Five Points restaurant Sneaky Pete’s is closed and up for sale less than two months after opening. Co-owner Robert Balletine cites poor business in an environment unsuited for his “family-style restaurant.”
“Even though it was growing slowly, it just wasn’t making enough,” co-owner Robert Balletine tells Free Times. “I had to cut the tether off.”
Ballentine cites the college neighborhood’s nightlife culture as one of the reasons his Greene Street venture failed to succeed, along with having to compete against a litany of established restaurants and college bars. Now, he’s ready to move on from the business he closed Dec. 9 — the price tag on the restaurant is $50,000, he says.
“We wanted to make something unique and simplistic and hopefully bring some new blood and life in the area, but it’s very hard, man,” he says. “[Sneaky Pete’s] was very cozy, yet I couldn’t get any families coming down there. … I don’t have any control about what’s going on outside my facility.”
Five Points has long struggled with perception issues, with its seemingly Jekyll and Hyde daily shift — from a daytime retail area to a rowdy nightlife and party hub. But that’s a misnomer, says Steven Cook, owner of Saluda’s Restaurant and president of the Five Points Association.
He says the neighborhood is no worse or better than other Columbia neighborhoods.
“Five Points has always had reputation issues and it's one of those things that drives us crazy,” he says. “There may be an issue in another district in town, but they give the address and that’s it. … In Five Points it will absolutely be in the headlines.”
Despite its reputation, Free Times reported earlier this year that crime was down in the neighborhood from 2017 to 2018, per Columbia Police Department stats. That followed another decline between 2014 and 2015.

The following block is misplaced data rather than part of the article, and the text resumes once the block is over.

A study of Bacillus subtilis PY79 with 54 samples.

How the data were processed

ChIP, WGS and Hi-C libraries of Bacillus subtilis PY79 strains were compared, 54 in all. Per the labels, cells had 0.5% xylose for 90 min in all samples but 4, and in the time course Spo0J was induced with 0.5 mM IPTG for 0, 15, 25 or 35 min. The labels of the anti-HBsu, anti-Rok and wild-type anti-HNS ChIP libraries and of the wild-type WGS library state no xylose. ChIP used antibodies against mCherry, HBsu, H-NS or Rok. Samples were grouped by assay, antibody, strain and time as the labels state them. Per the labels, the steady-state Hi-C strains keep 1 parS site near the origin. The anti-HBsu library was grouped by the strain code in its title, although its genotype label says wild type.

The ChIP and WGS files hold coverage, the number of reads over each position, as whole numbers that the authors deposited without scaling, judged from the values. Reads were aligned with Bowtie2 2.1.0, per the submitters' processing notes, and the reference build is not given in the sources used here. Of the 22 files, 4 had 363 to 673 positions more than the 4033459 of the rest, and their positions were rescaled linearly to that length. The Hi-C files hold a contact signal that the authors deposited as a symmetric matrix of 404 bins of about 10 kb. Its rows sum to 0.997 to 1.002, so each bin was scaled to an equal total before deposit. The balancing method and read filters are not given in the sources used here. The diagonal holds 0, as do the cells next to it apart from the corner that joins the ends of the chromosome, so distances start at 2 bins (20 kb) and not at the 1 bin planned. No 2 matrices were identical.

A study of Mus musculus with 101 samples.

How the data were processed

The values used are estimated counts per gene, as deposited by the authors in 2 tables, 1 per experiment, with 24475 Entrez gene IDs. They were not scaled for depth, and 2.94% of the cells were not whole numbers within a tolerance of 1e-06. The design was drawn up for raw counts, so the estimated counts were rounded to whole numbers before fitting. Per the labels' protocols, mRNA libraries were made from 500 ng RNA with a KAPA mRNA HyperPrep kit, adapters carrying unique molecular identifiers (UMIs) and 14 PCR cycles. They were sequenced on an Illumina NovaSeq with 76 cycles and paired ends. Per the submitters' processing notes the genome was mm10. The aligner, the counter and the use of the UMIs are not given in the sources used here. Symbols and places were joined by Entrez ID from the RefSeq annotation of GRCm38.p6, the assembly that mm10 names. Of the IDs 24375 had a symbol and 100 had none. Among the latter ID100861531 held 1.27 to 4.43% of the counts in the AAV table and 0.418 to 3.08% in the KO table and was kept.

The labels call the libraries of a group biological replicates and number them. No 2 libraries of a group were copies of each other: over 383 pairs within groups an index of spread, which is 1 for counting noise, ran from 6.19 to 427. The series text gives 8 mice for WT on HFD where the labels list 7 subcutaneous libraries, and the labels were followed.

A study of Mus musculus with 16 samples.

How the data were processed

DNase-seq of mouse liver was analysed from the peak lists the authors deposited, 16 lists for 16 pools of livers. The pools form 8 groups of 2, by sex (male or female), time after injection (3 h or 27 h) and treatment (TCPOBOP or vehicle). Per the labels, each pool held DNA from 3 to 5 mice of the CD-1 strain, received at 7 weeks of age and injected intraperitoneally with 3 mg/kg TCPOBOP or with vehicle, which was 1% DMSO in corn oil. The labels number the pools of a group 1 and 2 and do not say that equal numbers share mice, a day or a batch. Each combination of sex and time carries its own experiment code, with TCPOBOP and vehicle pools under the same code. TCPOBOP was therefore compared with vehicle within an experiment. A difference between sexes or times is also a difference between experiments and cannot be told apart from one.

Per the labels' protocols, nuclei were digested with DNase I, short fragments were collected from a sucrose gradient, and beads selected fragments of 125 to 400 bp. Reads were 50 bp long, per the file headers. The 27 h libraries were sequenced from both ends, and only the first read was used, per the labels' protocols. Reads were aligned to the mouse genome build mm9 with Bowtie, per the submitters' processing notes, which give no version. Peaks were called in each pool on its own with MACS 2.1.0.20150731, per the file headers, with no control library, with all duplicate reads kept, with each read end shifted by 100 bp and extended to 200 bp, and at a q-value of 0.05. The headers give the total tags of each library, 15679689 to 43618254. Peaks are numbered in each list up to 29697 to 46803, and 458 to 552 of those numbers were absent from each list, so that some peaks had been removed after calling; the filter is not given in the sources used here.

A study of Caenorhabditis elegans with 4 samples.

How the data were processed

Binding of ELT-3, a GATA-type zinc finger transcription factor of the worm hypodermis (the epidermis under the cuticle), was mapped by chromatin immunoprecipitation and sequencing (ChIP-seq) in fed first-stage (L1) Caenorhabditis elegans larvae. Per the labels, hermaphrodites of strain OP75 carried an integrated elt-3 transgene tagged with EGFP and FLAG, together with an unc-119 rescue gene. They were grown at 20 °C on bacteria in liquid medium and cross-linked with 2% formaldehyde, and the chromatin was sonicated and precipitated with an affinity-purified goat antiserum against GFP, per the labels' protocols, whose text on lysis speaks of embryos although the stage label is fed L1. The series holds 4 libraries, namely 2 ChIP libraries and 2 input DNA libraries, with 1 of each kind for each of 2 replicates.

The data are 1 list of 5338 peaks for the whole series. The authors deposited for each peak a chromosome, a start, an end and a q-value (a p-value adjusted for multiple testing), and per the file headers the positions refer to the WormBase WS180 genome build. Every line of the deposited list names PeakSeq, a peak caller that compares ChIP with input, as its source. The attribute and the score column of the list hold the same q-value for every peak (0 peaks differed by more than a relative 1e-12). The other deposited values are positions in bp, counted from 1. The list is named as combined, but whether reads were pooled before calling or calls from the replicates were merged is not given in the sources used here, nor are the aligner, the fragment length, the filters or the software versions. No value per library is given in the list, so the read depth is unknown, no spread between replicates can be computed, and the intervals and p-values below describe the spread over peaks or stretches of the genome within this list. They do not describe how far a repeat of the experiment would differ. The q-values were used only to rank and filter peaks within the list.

The neighborhood also has restaurants that are able to buck being college-centric and succeed, Cook posits. He points to his own Saluda's Restaurant, widely considered one of the best spots in town, and the old Blue Cactus, the Mexican-Korean restaurant that had filled Sneaky Pete’s space for about 25 years before closing in May.
For Sneaky Pete’s, Ballentine says he offered things like outdoor seating and live music in to try to bring families to his restaurant, but was unsuccessful.
The restaurant had other issues too. It struggled to get its beer-and-wine license, only receiving it a week ago. That left the restaurant relying solely on its food options — a range of classic bar food options like burgers, chicken, hotdogs and other fried foods. After receiving the license, Ballentine pushed the newly available alcohol availability with seven social media posts across 10 days.
Ultimately, he says he was spending too much time away from his other business, an auto repair shop, and that imbalance became untenable with poor profits at Sneaky Pete’s.
“I’m a business man through and through, I know when to cut that cord before you get dragged underneath it,” Balletine explains.